Held in conjunction with the 66th session of the United Nations Commission on the Status of Women, a World Council of Churches’ (WCC) webinar explored how women are navigating the water, food, and climate change nexus. Panellists and participants shared women-led and gender-just responses to the climate crisis as well as the role of churches and faith-based organisations.

Rivers, oceans, lakes all interconnected in God's patterns for nature, WCC webinar hears

The Rewa River is the longest and widest river in Fiji on the island of Viti Levu, originating in Tomanivi, the highest peak in the country, and is of enormous importance to local indigenous culture, explains Rev. James Bhagwan.

As general secretary of the Pacific Conference of Churches, Bhagwan offered opening remarks and prayers at a World Council of Churches (WCC) webinar titled "Food from Oceans, Rivers and Lakes" on 28 January with participants from every part of planet earth.

Webinar will highlight experts’ reflections on “Food from Oceans, Rivers and Lakes”

A upcoming webinar will offer speakersinsights on Food from Oceans, Rivers and Lakes.” Offered on 28 or 27 January (depending on time zone), the webinar will explore the vital role of blue, or aquatic, foods in the wellbeing and livelihood of 3 billion people in the world. But the health of the water bodies is being degraded by climate change,  pollution, unsustainable overfishing, and mining.

Webinar on ’Racism, Land and Food’

15 December 2021

This webinar will explore the intersections of food, land, and racial injustice and discern key lessons from initiatives and good practices that work to overcome the impact of racial injustice and inequity on food sovereignty.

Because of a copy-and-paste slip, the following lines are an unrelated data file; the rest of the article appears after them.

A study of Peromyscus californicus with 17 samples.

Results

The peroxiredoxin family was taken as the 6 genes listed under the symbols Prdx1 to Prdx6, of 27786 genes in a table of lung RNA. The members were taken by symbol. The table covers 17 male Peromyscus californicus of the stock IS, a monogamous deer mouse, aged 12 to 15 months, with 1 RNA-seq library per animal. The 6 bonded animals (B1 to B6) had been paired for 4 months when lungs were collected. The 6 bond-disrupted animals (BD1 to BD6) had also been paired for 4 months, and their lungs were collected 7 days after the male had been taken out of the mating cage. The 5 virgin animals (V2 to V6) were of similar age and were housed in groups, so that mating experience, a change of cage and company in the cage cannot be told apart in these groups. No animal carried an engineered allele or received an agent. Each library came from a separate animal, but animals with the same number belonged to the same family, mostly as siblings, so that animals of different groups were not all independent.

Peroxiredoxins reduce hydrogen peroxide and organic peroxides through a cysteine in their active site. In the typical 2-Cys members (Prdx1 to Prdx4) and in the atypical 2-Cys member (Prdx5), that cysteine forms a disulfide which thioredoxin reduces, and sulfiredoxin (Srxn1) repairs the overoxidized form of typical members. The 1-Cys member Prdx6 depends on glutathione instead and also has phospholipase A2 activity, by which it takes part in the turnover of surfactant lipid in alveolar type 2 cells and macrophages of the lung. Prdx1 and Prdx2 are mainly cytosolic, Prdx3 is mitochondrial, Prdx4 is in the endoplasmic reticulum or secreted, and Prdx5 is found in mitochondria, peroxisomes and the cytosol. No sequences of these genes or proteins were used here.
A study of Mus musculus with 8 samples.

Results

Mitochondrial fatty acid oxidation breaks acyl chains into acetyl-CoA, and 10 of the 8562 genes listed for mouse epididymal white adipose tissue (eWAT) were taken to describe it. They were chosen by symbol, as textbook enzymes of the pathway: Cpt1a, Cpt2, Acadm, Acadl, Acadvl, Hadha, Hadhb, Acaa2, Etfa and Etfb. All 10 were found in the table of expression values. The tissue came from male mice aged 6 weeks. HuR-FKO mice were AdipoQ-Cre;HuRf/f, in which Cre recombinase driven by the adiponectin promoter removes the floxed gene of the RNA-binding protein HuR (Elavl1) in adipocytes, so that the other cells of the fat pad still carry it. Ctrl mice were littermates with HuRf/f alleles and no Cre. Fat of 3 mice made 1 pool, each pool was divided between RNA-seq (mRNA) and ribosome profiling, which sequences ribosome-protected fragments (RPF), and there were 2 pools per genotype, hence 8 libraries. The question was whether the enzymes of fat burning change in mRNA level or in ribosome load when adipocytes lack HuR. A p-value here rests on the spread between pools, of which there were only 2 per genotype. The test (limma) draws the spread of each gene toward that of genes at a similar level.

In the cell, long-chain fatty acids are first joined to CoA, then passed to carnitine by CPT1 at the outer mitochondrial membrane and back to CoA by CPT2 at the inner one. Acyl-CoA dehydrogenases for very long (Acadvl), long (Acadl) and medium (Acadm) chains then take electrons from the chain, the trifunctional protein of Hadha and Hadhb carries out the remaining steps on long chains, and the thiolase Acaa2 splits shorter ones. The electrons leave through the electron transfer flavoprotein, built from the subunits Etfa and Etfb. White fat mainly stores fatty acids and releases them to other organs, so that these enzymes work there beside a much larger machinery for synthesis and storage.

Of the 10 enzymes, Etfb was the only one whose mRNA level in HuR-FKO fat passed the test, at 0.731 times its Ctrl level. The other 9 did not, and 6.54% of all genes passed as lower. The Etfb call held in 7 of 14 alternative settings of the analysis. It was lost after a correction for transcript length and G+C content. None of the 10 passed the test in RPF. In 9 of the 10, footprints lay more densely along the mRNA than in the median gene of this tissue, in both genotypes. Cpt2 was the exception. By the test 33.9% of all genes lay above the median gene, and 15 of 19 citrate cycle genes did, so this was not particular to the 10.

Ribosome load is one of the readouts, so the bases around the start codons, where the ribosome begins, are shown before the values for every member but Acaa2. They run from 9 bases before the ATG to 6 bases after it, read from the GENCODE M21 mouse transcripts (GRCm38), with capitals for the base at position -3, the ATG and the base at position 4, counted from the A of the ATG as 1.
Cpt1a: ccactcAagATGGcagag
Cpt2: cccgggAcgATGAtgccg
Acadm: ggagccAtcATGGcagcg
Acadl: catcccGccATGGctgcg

Online (by registration)

Climate crisis fuels existing water injustice

2021 has shown how vulnerable and unprepared even wealthy, industrialized countries are in the face of the escalating climate crisis. Devastating flooding, unprecedented heat waves and out-of-control wildfires have hit parts of Europe and North America. Yet this is just a foretaste of catastrophes that have long since become a bitter reality in other parts of the world. They are almost always a matter of too much or too little water. Yet water problems are often the result of discrimination and political failure, especially in times of climate change.

In Argentina, “Serving a Wounded World” is a hopeful call to collaborate

Prof. Dr h.c. Humberto Martin Shikiya, vice president of the Regional Ecumenical Advisory and Service Center (CREAS) In Argentina, reflects on how Serving a Wounded World in Interreligious Solidarity: A Christian Call to Reflection and Action During COVID-19 and Beyond” is being received as a hopeful call to collaborate ecumenically and interreligiously. The World Council of Churches (WCC) and the Pontifical Council for Interreligious Dialogue jointly published Serving a Wounded World” to encourage churches and Christian organizations to reflect on the importance of interreligious solidarity in a world wounded by the COVID-19 pandemic.

In Lebanon, “without peace there is no justice”

When Dr Michel Abs, secretary general of the Middle East Council of Churches, speaks about living conditions in Lebanon, his compassion for his people—and his passion for peace—brim over. In a video interview with the World Council of Churches, he honestly shared his deepest concerns about the current socio-economic crisis in his nation, and how churches are helping.

WCC honors world’s indigenous communities

The World Council of Churches (WCC) will join many in honoring indigenous communities across the world on 9 August. Designated by the United Nations as “International Day of the World’s Indigenous Peoples,” this year the day is particularly honoring indigenous people for seeking unique solutions to the COVID-19 pandemic, and for leading the way in sustainable living in a post-COVID-19 era.